North Korea tests new weapon, state news agency says
By David E. Sanger and Choe Sang-Hun
WASHINGTON — North Korea said Thursday it test-fired a new type of “tactical guided weapon,” in what appeared to be a warning from Kim Jong Un to President Donald Trump that unless once-promising negotiations with Washington resume, the two countries could again be on a collision course.
The North’s official Korean Central News Agency did not specify what type of weapon was involved in the test. But there was no evidence the test involved a nuclear detonation or an intercontinental ballistic missile.
The North has observed a voluntary moratorium of those tests since November 2017, and Trump has repeatedly said the North’s self-imposed suspension of nuclear and long-range missile tests was one of his administration’s biggest achievements, and credited himself with averting war by first threatening the North with “fire and fury” and then initiating two face-to-face meetings with Kim.
But the latest of those meetings, in Hanoi, Vietnam, in February, failed to reach an agreement, after Trump pulled back from agreeing to Kim’s proposal: a lifting of the harshest sanctions on the North in return for suspending operations at North Korea’s largest nuclear facility.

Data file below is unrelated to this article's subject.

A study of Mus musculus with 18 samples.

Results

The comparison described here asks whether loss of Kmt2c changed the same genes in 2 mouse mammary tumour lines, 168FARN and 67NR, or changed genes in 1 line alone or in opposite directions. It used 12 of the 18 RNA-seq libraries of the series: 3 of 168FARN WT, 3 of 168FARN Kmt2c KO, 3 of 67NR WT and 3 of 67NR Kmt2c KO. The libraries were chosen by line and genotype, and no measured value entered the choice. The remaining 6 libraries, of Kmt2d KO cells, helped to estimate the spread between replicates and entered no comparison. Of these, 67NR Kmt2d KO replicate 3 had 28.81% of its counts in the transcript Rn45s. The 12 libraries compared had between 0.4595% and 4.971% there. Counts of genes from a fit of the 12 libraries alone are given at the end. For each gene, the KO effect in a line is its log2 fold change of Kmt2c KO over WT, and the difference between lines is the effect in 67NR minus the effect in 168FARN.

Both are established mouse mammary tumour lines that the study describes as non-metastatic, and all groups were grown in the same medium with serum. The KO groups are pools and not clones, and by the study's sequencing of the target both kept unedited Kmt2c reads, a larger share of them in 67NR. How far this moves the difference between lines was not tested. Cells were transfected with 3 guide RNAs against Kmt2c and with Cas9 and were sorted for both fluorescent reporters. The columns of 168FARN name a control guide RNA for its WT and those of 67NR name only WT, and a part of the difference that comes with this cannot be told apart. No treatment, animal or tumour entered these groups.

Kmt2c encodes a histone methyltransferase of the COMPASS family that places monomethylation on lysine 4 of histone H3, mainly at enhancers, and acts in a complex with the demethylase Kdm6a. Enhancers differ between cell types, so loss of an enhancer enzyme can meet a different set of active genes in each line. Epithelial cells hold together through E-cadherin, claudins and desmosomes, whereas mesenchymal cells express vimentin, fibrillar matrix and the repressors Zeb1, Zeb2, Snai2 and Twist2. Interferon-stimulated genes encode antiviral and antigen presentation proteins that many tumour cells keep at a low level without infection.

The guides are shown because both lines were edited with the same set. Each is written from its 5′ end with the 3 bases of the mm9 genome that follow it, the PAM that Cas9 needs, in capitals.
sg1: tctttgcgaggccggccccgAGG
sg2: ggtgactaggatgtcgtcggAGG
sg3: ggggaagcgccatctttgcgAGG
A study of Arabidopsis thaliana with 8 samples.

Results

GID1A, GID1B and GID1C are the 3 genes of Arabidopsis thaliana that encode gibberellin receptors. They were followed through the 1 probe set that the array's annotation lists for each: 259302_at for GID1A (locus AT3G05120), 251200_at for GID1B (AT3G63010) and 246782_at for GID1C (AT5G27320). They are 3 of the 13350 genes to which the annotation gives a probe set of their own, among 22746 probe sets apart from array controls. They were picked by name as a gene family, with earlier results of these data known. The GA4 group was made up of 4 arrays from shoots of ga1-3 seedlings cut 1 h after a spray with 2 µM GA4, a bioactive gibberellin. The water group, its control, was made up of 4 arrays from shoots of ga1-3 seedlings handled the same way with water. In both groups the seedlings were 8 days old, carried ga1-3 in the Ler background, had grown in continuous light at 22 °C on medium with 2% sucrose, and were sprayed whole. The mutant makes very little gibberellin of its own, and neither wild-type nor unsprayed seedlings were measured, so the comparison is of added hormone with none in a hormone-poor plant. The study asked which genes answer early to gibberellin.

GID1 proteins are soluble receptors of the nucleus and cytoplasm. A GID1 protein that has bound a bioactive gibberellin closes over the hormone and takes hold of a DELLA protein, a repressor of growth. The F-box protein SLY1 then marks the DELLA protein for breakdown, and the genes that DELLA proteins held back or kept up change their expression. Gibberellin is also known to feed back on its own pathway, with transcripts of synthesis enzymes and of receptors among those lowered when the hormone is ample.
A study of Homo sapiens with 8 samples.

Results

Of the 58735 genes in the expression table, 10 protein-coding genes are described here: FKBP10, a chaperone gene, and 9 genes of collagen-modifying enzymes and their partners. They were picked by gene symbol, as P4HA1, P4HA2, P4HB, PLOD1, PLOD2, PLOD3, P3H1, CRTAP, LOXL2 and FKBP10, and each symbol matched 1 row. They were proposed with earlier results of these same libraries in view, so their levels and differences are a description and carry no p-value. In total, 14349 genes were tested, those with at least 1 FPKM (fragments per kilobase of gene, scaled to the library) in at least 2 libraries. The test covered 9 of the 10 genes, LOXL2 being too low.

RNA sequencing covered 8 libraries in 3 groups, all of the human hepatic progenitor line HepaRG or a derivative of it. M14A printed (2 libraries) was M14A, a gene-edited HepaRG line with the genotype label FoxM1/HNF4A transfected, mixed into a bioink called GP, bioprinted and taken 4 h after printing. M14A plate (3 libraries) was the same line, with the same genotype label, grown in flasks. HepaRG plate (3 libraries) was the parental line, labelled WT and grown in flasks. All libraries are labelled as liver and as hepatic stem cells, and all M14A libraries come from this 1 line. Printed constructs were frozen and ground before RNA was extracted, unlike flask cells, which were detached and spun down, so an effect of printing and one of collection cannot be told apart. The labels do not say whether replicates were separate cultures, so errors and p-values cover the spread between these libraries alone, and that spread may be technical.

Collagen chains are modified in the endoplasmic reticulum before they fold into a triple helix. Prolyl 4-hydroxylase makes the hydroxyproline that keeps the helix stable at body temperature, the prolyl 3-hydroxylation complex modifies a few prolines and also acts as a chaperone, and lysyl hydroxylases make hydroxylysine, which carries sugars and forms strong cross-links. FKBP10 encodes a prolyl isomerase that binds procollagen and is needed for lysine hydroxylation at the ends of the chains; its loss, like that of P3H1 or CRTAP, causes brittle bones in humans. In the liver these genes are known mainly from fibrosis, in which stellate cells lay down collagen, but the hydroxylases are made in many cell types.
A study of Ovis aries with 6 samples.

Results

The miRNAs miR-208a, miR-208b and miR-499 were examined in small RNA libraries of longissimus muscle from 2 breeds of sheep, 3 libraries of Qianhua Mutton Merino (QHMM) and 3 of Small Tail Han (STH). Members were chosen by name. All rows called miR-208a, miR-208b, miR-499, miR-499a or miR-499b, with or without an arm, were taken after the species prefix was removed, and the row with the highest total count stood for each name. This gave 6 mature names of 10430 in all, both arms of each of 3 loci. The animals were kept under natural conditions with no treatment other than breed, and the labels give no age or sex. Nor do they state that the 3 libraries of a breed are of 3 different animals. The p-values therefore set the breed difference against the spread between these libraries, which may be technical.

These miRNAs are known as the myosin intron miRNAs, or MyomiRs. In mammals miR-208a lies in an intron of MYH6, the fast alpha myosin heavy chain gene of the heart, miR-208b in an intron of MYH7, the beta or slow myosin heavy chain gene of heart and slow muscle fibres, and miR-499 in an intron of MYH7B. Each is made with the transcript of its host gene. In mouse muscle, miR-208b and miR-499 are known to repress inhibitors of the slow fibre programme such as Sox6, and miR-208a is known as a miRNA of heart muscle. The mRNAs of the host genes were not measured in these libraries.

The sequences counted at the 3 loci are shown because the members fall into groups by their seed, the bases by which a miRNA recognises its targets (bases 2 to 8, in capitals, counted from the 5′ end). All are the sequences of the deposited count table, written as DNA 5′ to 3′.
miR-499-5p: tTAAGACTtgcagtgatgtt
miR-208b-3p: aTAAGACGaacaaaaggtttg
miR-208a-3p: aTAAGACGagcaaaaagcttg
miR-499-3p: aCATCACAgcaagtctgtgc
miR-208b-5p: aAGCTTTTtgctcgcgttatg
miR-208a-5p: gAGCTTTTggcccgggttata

Experts said it was more likely the test announced Thursday morning in Pyongyang was a demonstration of a conventional weapons system, perhaps artillery or an anti-aircraft system, and amounted to signal-sending by Kim, who witnessed the test.
In recent days the North Korean leader has said he would give the United States until the end of the year to come up with concrete proposals that would lift sanctions on the North — an implicit warning that, after that deadline, it might resume the testing that appeared, in the summer of 2017, to be leading to conflict.
After the breakdown of the Hanoi summit, satellite imagery showed new activities at some of the North’s long-range rocket test and missile development sites.
Several days ago, appearing with South Korea’s president, Trump for the first time suggested he might be willing to entertain a “step-by-step” deal to denuclearization — contradicting his own senior aides, who had been insisting that only a full dismantlement of the North’s nuclear weapons, missiles and facilities would result in the lifting of sanctions.
During Thursday’s test of the weapon, which was conducted by the North’s Academy of Defense Science, Kim said its development “serves as an event of very weighty significance in increasing the combat power of the People’s Army,” the North Korean news agency said.